Using Natural Planting in Venues for a Unique Customer Experience
Towards the end of 2016 we started to see a trend developing for London venues to want an organic, unique look – an attempt to bring a natural look into venues that would otherwise be harsh and geometric.
As Superglue has delivered two of the first large scale examples of this in London, we thought we’d share some of the opportunities it offers and warn of some of the pitfalls to watch out for.
So many venues are in ex-industrial buildings with the usual bare concrete and steel that entails. Irrespective of the undeniable level of ‘soul’ it brings, natural planting can hide brutal architecture and make it a friendlier leisure space.
Similarly, venues often comprise of various distinct areas, be they different rooms, outdoor/indoor spaces, or just different decor. You can use plants to blend the look, providing a more consistent customer experience. At Swingers we used plants to blur the boundaries between the reception and the course, ushering people further into the crazy golf experience.
At Queens, we used climbing plants to make the vast surfaces of the walls and ceiling feel smaller. Despite the huge illuminated logo on the wall behind the ice rink, the space still felt a little bleak. Introducing the climbing ivy breaks up the space and makes the sign more of a centrepiece. The climbers trailing along the beams isn’t an attempt to hide them, but it does draw attention from them and stretch the natural look above the other stark surface in the room – the ice rink itself.
We used real plants at Boulers with great success, but they we were on a rooftop (with daylight and rain) and the pop-up was only running for a week which wasn’t long enough to cause any issues that needed maintenance.
Indoors or for longer-term installations, artificial plants are the key and the single biggest challenge with artificial planting is the fire risk. Ideally, only inherently fire retardant plants should be used, however plants with this certification are limited in selection and often availability. The alternative is to mitigate the risk by spraying the plants with a fire retardant chemical. There are only a couple of chemicals on the market which are appropriate to use with artificial plants, getting the right product is extremely important. Additionally, spraying it is only effective on certain types of leaf fabric – other materials do not soak up the spray effectively, and even those that can be used need to be re-treated periodically to remain safe. Any situation where the plants can be accessed by the public or near lighting/electricity need to be protected.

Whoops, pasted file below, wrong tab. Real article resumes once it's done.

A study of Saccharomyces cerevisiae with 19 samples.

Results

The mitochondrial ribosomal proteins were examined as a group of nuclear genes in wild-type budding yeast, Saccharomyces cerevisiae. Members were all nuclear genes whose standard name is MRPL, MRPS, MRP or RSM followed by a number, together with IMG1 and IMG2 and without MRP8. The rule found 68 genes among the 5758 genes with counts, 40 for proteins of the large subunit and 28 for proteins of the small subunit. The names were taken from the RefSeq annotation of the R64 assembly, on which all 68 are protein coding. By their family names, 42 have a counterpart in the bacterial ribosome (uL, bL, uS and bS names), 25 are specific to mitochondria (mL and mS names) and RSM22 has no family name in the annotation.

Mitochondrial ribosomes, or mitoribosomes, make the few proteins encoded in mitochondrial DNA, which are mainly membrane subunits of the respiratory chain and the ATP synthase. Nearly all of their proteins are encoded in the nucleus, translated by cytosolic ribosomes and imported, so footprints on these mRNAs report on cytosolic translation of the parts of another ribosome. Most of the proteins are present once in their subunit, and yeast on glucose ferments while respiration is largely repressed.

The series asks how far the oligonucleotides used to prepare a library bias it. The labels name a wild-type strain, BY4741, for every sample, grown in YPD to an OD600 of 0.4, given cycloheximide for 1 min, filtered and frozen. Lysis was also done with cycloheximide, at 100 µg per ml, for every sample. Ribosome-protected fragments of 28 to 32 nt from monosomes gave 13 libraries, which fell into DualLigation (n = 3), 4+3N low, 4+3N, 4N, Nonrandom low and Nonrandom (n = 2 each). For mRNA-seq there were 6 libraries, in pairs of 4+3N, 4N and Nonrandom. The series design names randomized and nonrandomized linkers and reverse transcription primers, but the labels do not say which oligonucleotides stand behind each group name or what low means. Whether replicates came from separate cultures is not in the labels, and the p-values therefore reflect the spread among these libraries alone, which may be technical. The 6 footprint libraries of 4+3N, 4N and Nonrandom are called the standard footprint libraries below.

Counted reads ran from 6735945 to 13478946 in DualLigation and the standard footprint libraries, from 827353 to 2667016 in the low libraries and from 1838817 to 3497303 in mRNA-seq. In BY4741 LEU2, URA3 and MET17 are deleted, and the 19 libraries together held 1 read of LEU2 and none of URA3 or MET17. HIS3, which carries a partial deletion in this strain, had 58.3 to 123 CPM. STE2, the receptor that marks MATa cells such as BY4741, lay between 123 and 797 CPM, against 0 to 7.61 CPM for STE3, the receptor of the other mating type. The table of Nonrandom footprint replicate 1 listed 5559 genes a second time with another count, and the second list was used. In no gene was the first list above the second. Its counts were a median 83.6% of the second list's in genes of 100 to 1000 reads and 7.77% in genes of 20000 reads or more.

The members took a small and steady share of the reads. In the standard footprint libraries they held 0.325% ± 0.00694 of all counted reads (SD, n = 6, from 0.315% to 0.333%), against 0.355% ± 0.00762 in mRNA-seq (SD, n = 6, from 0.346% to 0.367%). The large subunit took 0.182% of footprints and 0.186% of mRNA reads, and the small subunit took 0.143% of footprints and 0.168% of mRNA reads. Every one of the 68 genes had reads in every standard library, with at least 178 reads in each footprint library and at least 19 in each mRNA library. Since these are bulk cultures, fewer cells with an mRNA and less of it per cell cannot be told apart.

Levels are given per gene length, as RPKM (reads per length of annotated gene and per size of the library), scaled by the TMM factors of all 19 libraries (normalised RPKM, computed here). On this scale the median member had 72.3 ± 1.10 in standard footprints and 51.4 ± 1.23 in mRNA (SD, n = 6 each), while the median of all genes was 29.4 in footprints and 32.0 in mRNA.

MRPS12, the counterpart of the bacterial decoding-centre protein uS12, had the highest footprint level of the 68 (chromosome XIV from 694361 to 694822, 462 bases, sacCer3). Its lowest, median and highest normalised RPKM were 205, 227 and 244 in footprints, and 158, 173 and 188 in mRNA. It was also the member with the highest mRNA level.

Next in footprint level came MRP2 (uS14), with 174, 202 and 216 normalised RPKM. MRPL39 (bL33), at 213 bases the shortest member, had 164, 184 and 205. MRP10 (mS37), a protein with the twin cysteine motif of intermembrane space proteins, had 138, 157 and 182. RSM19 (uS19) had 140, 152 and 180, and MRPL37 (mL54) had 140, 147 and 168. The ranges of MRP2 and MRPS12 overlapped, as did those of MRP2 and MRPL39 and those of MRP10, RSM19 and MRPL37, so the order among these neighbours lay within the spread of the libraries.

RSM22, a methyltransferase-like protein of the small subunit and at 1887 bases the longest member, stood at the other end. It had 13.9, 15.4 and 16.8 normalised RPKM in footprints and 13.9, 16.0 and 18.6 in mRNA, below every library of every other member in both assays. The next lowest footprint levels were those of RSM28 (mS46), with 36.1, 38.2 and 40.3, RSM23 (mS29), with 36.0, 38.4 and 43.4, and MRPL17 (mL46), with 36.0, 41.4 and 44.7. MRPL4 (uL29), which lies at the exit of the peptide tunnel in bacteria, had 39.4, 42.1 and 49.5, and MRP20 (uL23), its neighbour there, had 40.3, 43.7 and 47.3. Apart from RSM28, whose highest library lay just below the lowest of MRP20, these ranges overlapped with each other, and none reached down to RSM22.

To dress even a modestly-sized venue requires a significant quantity of artificial plants and there are a finite number of suppliers in the UK. For Swingers we emptied nearly every warehouse in the country of Ivy for example, so significant care needs to be paid to planning and ordering to avoid a shortfall.
It takes a great deal of skill, knowledge and experience to make plants look real and natural. We work with our clients to create a clear vision during the planning stage, including artists impressions, and then engage scenic artists who deal specifically with artificial plants to make the picture come to life.
As with signage and branding where discerning customers want some personality from companies, introducing nature into what has been a largely sterile realm seems to generate a positive response. We’re looking forward to seeing what projects we can cultivate during 2017.